In an official blog post, Google says for “the last several months,” it’s put a large team of engineers on a “secret project: next-generation architecture for Goog le’s web search.”
The company writes:
It’s the first step in a process that will let us push the envelope on size, indexing speed, accuracy, comprehensiveness and other dimensions. The new infrastructure sits “under the hood” of Google’s search engine, which means that most users won’t notice a difference in search results. But web developers and power searchers might notice a few differences, so we’re opening up a web developer preview to collect feedback.
Maybe this “secret project” is what the New York Post heard about when it reported in June that Google cofounder “Sergey Brin is so rattled by the launch of Microsoft’s rival search engine that he has assembled a team of top engineers to work on urgent upgrades to his Web service.”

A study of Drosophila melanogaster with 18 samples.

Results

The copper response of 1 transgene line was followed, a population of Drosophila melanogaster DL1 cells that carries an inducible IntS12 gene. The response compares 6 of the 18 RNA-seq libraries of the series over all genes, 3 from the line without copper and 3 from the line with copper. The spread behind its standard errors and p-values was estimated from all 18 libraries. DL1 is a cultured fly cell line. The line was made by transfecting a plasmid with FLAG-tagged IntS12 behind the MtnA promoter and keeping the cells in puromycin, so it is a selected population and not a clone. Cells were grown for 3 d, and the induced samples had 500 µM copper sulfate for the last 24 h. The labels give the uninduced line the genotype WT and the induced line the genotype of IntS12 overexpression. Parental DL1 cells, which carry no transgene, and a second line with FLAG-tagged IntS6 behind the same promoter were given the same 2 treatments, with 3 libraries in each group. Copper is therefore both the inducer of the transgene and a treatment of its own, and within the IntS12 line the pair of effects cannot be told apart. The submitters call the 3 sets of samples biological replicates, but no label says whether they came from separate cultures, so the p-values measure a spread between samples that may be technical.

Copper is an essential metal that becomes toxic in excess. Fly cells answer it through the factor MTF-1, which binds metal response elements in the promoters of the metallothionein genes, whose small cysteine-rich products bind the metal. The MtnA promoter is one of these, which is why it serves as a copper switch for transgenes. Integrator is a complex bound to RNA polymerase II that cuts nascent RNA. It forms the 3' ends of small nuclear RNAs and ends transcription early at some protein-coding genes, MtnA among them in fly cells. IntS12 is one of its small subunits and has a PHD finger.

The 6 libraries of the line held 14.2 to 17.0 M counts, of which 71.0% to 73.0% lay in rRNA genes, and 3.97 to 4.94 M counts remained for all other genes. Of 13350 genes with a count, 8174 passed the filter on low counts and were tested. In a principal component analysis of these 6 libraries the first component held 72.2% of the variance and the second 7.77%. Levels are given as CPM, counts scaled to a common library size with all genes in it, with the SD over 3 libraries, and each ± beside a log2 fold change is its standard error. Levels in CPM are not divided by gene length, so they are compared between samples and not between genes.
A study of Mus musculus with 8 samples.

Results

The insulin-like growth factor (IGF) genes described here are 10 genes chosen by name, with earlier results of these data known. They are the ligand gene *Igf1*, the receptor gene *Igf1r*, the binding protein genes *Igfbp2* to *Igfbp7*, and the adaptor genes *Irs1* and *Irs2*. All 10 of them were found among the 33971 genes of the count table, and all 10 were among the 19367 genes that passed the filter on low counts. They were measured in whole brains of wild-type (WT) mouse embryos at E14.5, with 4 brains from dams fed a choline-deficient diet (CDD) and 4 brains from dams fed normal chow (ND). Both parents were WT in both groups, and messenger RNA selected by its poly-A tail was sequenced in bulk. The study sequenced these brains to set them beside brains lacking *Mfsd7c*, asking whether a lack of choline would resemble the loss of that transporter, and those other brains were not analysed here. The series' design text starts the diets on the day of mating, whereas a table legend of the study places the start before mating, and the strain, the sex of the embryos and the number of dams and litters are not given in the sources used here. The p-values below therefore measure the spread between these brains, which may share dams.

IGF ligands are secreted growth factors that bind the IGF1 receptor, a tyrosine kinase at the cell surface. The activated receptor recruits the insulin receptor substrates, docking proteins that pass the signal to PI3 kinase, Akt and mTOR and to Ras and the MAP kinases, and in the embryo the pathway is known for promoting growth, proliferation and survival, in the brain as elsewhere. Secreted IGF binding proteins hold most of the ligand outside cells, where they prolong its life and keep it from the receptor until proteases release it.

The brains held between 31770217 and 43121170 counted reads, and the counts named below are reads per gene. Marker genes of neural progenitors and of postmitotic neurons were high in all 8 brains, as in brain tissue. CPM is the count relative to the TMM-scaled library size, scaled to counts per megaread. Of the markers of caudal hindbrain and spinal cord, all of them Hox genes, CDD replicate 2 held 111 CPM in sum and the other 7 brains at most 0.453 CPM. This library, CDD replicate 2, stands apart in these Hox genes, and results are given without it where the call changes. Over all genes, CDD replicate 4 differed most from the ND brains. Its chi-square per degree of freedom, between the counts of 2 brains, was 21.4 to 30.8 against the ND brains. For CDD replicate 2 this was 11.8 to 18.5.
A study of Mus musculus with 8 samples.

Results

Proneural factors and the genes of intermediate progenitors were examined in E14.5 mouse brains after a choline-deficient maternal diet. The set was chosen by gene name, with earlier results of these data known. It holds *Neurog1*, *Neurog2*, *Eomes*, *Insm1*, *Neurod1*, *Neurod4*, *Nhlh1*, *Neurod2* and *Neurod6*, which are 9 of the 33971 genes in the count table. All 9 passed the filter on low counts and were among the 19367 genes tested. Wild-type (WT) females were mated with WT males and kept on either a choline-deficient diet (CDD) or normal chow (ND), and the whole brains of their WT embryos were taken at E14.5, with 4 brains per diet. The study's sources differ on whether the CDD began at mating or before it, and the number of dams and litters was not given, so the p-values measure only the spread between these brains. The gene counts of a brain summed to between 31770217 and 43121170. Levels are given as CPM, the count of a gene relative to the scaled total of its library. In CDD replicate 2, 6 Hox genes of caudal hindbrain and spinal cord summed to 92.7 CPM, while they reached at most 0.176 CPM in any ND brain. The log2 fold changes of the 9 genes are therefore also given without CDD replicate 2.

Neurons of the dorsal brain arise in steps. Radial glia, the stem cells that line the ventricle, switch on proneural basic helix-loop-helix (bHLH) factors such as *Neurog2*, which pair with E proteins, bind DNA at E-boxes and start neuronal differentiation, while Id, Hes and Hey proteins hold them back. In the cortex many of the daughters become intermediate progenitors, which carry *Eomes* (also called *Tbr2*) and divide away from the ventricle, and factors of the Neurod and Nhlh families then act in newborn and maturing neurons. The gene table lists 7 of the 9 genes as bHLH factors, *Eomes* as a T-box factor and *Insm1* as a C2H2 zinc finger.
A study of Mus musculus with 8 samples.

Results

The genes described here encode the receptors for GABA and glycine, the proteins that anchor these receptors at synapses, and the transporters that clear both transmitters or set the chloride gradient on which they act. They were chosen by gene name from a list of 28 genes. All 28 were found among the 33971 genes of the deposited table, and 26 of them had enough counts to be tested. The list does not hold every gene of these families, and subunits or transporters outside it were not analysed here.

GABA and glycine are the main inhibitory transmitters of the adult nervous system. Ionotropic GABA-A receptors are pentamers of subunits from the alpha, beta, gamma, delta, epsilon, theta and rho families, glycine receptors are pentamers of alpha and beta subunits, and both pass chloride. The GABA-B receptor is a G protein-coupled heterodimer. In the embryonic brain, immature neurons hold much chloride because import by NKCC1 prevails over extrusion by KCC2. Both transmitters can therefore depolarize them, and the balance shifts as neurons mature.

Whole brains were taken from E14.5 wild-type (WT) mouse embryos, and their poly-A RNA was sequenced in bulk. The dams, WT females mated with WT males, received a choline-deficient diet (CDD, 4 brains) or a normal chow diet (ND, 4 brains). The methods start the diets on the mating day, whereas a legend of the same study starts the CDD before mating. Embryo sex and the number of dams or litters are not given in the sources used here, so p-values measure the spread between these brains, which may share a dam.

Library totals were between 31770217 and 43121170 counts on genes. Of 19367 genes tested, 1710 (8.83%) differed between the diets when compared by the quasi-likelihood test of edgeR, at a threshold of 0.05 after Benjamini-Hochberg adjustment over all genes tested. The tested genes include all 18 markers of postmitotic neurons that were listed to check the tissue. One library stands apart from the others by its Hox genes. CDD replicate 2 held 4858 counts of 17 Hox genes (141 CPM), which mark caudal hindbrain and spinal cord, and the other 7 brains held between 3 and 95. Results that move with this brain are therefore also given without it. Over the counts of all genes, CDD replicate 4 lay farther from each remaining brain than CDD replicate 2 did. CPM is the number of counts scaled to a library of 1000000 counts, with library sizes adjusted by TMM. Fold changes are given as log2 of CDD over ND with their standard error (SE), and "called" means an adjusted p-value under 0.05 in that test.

Brin, according to sources inside the tech behemoth, is himself leading the team of search-engine specialists in an effort to determine how Bing’s crucial search algorithm differs from that used by the company he founded in 1998 with Stanford University classmate Larry Page.
“New search engines have come and gone in the past 10 years, but Bing seems to be of particular interest to Sergey,” said one insider, who spoke on the condition of anonymity.
The move by Brin is unusual, as it is rare these days for the Google founders to have such hands-on involvement in day-to-day operations at the company, the source added.
A spokesman for Google declined to comment about Brin’s interest in Bing but said: “We always have a team working on improving search.” He added: “We dedicate more time and energy to search than anything else in our company. Our algorithm is constantly evolving.”
You can test out Google search with the new architecture “under the hood” at http://www2.sandbox.google.com/.
We did and found what we always find when we use Google search: exactly what we were looking for, almost immediately.
If it takes a little Microsoft move to get Google and cofounder Sergey fired-up about pushing-out new improvements, great — but really, Google owns Web search and it has nothing to worry about on that front.
Elsewhere, however, the contest is tighter.